A few weeks ago, I was at a startup investor event--my first time getting back out into the local scene in ages--when I was introduced to a founder I'll call Brian, by an investor friend of mine who had invested in the  seed round of Brian's company.

That investment was eight years ago. The company was doing well, better than well actually, and the investor was all smiles, but Brian was visibly  uncomfortable. See, the two of them had been having a discussion about the future, and Brian wasn't happy. 

The investor, an older guy who has seen it all before, was nodding in knowing empathy as Brian finished detailing his concerns. And since I had just strolled up, the investor decided I was the perfect person for Brian to talk to about powering through the inevitable entrepreneur burnout. 

In retrospect, I probably shouldn't have said what I said. But at least it was the truth.

The Reckoning 

For me, the reckoning moment happened two years ago, as I began my initial descent into Austin, where I'd be giving a talk at SXSW in less than 24 hours about the technology our startup had pioneered on its way to being acquired by a private equity firm.

The CEO of our startup, my partner over the seven-year journey, had left the company three months earlier. Now, the minor "differences in strategy" between us and the acquirers--the kind that accompany any acquisition--were about to erupt into a schism, leaving me alone against the billion-dollar PE firm.

It had stopped being fun a while ago, and now it was about the future and how much of a role I wanted to play in it. I had been perfectly content to continue fighting the good fight when my flight to Austin had taken off some four hours earlier. By the time we touched down, I knew I was done.

And I still had a talk to give.

Not Every Day Is Going to Be Your Favorite 

One of the sayings I was known for at that startup was something I said when we signed our first big sales deal--one that would expose our awesome technology to the public. The sale was supposed to close at the end of May, but like all deals, it got delayed, and it didn't close until mid-June, leaving us to scramble to meet an unmovable deadline of August 31.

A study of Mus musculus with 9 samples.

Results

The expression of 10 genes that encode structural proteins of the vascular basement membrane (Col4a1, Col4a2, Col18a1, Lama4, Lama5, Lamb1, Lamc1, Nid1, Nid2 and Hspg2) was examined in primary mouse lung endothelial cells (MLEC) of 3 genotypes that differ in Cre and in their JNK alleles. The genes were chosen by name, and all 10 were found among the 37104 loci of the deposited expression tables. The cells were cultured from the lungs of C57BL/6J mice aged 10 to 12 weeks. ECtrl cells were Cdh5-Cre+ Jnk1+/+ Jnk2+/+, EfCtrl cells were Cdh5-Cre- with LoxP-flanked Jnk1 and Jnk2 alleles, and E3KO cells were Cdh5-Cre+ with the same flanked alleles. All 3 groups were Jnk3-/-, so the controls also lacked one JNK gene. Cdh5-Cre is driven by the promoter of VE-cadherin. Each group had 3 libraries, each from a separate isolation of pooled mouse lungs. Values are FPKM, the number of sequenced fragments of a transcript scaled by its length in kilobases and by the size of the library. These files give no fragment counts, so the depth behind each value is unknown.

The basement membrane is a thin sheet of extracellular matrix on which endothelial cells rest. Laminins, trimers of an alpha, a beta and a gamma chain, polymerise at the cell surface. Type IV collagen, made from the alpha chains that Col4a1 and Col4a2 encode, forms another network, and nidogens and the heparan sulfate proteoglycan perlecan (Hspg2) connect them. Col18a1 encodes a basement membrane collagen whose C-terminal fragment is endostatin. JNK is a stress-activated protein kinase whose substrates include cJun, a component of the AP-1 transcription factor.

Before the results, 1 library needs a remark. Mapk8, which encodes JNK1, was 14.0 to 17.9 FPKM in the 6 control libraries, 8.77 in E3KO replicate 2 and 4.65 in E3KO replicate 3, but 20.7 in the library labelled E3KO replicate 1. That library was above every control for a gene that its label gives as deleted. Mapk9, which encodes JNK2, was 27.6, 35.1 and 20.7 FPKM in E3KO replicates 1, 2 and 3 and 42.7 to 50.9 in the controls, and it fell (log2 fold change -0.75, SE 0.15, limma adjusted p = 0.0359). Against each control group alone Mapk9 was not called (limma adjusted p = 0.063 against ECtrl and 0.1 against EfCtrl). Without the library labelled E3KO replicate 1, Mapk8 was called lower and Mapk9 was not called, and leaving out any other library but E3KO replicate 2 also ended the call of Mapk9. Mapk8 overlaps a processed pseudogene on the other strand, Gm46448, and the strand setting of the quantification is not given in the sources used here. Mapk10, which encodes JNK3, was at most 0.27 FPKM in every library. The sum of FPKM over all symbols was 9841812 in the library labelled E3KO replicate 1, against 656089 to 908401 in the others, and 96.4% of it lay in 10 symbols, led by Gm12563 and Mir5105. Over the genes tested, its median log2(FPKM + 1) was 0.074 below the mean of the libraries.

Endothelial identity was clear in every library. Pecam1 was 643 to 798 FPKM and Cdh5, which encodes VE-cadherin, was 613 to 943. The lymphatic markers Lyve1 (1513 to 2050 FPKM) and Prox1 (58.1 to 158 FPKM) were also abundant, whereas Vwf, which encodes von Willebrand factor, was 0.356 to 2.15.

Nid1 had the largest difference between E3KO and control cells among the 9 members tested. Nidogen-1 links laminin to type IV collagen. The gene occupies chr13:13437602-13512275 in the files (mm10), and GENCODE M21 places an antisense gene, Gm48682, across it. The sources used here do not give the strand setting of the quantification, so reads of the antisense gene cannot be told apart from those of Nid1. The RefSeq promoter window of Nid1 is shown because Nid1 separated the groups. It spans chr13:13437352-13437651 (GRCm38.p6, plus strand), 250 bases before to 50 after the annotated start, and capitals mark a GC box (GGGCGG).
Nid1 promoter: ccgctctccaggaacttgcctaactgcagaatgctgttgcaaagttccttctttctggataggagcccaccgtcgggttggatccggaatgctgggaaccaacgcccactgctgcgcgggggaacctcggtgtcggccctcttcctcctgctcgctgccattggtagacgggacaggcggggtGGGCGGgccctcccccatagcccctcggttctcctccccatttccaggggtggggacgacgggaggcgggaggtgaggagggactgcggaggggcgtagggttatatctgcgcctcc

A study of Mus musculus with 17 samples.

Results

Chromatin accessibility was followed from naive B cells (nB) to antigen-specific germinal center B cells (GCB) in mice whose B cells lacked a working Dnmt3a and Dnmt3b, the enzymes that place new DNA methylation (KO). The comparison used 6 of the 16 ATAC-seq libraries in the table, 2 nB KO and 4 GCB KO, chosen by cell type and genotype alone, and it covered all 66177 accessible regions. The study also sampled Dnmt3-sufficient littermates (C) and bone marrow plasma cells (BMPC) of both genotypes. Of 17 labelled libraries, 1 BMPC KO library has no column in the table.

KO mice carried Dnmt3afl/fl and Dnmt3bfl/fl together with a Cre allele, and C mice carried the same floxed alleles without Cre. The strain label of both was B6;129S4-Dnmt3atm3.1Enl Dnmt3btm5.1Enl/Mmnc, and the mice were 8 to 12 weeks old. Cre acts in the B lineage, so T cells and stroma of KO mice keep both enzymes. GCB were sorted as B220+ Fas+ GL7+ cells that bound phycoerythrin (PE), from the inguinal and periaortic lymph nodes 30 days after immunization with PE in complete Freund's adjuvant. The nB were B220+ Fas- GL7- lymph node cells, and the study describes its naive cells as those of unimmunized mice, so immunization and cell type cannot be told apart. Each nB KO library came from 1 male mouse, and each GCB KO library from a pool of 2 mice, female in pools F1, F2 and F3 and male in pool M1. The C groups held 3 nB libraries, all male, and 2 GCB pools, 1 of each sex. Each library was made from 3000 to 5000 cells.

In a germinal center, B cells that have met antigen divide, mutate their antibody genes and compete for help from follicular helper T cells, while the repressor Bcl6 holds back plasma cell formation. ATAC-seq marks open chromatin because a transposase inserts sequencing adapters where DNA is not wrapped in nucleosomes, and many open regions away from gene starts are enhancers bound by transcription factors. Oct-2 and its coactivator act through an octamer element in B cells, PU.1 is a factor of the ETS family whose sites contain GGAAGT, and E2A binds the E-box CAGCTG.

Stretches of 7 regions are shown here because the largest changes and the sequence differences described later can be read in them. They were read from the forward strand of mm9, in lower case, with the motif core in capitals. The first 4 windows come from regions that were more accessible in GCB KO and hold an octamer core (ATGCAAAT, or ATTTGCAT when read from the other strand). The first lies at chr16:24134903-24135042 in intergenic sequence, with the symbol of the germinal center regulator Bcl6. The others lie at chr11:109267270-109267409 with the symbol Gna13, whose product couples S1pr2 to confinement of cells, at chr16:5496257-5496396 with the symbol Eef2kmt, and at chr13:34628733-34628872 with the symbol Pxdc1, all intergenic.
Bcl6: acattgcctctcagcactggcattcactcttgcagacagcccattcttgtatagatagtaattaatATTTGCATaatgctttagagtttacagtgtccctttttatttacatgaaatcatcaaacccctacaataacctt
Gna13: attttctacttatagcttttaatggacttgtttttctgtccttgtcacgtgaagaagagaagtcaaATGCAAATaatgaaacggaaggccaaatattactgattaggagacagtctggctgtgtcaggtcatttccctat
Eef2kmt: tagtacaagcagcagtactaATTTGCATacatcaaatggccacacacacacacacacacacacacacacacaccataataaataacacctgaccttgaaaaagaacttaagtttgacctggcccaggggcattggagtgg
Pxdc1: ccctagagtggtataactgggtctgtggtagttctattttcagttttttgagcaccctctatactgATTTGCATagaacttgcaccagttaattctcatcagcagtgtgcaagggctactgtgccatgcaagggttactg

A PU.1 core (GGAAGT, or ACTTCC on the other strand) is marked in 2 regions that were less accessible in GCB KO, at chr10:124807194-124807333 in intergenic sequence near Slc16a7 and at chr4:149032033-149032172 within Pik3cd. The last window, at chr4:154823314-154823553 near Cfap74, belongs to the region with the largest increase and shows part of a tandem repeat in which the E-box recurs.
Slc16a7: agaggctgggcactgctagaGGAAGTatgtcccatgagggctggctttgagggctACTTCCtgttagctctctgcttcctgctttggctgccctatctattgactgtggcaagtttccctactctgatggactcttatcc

As we rallied the troops to push through what was going to be a brutal summer of 16-hour days and unrealistic expectations, I ended my talk with this hackneyed platitude:

"Look. Not every day is going to be your favorite this summer. When that happens, talk to us. Talk to me. I'm not going to tell you what you want to hear, but I may give you what you need to know."

I could have put it better, but again, at least I was telling the truth. And we delivered on time and crushed it. 

Here's the Secret No One Tells You

After every success, big or small, in business or otherwise, there's an immediate period of letdown equal in proportion to the magnitude of the work it took to get there. 

When success comes easy, when you trip over it, that letdown is a blip, if it happens at all. And that kind of "accidental success" will happen and should happen quite often on the road to achieving your startup's ultimate goals. You'll land that customer you didn't see coming, a random investor will appear out of nowhere to oversubscribe your round, that brilliant employee will decide that they'd rather work for you than take more money somewhere else.

But the big successes, the ones you have to work 16-hour-a-day summers to even stand a chance of seeing happen, when those hit and the celebration dies down, you're usually left with one single, ugly question:

Is this all there is? Is this what I've been killing myself for?

With age, experience, and wisdom, the impact of that emptiness can be explained away. I still feel it, but I'm too cynical--let's call it "wisdom"--to worry about that empty feeling as anything other than a natural phenomenon that I need to get over. Like when I have to get up at 5:00 a.m. and I dread the alarm going off. Still. At my age.

But when you're younger--and I'd peg Brian at about 35 years old, so let's call it "younger"--it's really tough to see past the emptiness. It happens to athletes all the time, people who generally achieve all their life goals in their mid-30s. I've talked to a bunch of them, and they tell me the silence that follows the cheers into retirement is deafening.

You Are Not Your Goals

You probably didn't expect this out of an advice column, but I'm going to tell you that you are not your goals, your achievements, and especially not your failures. They are part of what makes you who you are, but when you define yourself by them, you live and die by them. And when I say "die," what I mean is that when they happen, you feel a great swell of satisfaction, but also loss. 

"'When Alexander saw the breadth of his domain, he wept for there were no more worlds to conquer."

Don't let me fool you. That's Hans Gruber from the movie Die Hard.

Is this the right thing to tell an entrepreneur in the middle of their brutal journey?

Maybe. I know I got off that plane in Austin and gave one of my best talks ever. Then I met about 50 people who stood in line to ask questions afterwards. It was one of the best days of my life, actually.

Because I was free.

Not free of the startup, that would come later. Or even free of the schism, that got uglier once I got back to town. But I was free of the remorse of tying my self-worth to the valuation of my startup. I was now doing it for the reasons I started doing it in the first place--to make awesome technology and to launch that rocket as high as it would go.